Council culls Kimberley’s urban deer committee
By Nowell Berg
City of Kimberley council Feb. 25 unanimously voted to dissolve the Urban Deer Committee (UDC).
To recap, council has spent a lot of time debating the issue of urban deer and public safety. After extensive discussion at the January 28 meeting, Councillors Kyle Dalum, Jason McBain and Darryl Oakley supported Mayor Don McCormick’s move to stop translocation of mule deer in 2019. At that time, Councillors Kent Goodwin, Nigel Kitto and Sandra Roberts opposed the ban on translocation.
At Monday’s meeting, what started out as an attempt to re-invigorate the UDC, recruit members at large and appoint Coun. Dalum as a voting member ended up with council defeating the initiative and terminating the UDC all together.
According to Mayor McCormick, the issue is not about translocation, but the consequences of translocation.
Past translocation efforts have shown that 75% of deer moved out of Kimberley remain in the wild and do no migrate back to an urban area. However, the 25% of deer that do return to an urban area, not necessarily Kimberley, pose a problem for the city.
The Ministry of Forests, Lands, Natural Resource Operations and Rural Development (FLNRORD), which authorizes deer translocation placed a stipulation on the city’s translocation license that it be responsible for the cost of dealing with the deer returning to an urban area regardless if its Kimberley or not.
This stipulation is one that McCormick finds “unreasonable and unacceptable.”
One of the other sticking points of removal of deer revolves around the role the Managing for the Future (MFF) report of 2012 plays in how the city deals with deer.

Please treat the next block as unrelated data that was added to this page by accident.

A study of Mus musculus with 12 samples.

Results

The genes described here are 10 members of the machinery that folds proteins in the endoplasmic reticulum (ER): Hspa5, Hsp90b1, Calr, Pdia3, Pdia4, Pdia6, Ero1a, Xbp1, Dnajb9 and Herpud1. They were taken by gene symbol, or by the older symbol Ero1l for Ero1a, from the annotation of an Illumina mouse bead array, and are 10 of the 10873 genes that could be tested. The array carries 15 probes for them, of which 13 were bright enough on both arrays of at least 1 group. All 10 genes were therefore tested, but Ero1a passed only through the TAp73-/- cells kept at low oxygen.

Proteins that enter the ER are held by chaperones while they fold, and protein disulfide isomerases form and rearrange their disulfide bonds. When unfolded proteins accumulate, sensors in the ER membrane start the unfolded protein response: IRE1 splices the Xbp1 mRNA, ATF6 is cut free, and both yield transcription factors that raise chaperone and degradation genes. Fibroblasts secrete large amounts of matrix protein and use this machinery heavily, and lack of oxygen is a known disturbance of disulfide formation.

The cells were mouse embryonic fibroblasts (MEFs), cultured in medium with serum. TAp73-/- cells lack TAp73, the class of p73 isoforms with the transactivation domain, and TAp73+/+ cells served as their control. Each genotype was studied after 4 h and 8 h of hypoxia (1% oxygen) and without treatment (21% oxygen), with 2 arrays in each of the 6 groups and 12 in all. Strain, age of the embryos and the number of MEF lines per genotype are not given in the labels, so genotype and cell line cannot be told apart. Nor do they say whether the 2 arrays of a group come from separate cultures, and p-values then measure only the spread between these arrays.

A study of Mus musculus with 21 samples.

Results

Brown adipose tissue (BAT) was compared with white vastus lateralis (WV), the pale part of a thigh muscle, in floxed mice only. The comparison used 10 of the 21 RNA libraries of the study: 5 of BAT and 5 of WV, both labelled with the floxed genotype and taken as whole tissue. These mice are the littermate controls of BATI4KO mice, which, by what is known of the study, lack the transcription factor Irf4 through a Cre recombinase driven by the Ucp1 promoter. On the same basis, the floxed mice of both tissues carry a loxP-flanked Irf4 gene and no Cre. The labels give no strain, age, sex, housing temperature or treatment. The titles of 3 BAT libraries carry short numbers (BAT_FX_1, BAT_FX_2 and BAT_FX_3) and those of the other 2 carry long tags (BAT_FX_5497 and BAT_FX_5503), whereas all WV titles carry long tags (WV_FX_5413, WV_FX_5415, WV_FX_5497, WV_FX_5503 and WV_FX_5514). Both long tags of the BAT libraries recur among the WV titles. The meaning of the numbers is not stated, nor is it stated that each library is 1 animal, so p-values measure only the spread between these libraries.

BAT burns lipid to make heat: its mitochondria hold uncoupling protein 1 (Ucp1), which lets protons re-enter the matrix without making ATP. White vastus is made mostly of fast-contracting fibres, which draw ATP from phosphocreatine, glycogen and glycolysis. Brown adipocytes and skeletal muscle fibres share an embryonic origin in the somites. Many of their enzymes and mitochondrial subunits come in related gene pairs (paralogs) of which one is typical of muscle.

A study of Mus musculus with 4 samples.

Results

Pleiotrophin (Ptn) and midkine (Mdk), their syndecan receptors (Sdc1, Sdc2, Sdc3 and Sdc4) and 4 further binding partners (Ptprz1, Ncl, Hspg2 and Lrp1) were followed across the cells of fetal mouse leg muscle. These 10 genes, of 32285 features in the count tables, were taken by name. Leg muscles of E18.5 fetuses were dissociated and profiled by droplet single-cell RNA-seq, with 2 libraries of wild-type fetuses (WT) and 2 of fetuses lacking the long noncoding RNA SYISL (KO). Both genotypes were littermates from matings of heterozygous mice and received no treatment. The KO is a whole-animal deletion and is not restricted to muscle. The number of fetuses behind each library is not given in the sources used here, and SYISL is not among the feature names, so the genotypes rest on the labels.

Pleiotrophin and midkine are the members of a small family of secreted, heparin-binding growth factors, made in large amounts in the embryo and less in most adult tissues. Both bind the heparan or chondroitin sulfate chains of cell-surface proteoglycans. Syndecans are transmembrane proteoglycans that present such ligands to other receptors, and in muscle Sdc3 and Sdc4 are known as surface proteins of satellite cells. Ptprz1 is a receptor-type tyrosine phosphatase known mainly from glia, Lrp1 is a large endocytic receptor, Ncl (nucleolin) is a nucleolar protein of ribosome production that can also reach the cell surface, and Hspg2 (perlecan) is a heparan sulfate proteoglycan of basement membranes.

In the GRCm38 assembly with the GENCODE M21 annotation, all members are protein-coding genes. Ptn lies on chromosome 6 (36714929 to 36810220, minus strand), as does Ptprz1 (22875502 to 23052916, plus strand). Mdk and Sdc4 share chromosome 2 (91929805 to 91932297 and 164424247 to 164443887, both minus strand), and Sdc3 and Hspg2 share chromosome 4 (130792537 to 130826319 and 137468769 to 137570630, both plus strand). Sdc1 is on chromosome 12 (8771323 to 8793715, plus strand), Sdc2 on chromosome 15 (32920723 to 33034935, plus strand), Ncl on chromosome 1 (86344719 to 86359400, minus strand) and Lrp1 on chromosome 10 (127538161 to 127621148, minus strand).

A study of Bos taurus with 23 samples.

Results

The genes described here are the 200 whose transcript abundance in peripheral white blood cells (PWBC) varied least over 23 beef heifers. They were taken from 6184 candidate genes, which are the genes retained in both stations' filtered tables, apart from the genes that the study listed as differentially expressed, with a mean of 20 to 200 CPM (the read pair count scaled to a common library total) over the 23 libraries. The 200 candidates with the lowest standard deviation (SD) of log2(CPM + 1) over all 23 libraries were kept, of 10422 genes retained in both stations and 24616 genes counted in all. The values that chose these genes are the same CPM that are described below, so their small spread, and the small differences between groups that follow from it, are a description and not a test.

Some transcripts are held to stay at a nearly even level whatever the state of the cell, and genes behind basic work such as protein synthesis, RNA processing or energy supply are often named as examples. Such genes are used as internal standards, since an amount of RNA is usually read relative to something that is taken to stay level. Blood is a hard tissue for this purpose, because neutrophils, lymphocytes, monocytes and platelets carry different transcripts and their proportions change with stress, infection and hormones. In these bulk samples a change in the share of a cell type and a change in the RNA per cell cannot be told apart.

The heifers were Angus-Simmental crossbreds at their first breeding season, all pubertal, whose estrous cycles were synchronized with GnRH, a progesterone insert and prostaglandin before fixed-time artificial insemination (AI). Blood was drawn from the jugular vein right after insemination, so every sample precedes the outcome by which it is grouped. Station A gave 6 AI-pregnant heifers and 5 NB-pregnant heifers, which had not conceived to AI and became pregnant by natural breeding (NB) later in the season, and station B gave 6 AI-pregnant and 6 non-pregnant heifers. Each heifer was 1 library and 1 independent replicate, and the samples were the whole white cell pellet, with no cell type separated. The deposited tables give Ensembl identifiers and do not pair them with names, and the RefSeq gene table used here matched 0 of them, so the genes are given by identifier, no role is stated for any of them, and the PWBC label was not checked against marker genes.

In the ensuing debate, Coun. Goodwin, a staunch supporter of translocation and reducing the deer herd, wanted the UDC “terms of reference” changed so that the MFF, as an historical document, was not the only guidance the city used in dealing with deer.
This leads to a dysfunctional committee, he said. He also suggested letting the whole deer issue to back to FLNRORD as deer are a provincial responsibility.
Goodwin responded, “They [FLNRORD] wont deal with it.”
The Mayor asked CFO Scott Sommerville to comment as he was the person most responsible for dealing with the various aspects of the translocation license. Sommerville noted the city does not have a wildlife biologist on staff and the MFF was the “playbook” on how the city deals with deer. He said the city has made progress with changing bylaws regarding fencing and feeding deer, which has had an impact on the deer population.
“Public safety was not much of an issue,” he said.
The CAO suggested the UDC be an advocacy group lobbying FLNRORD to take more responsibility for deer and “make it easier to translocate.”
Goodwin concluded, “To stop translocation is not the right approach.”
Having said that, Coun. Goodwin joined other councillors in voting to dissolve the UDC.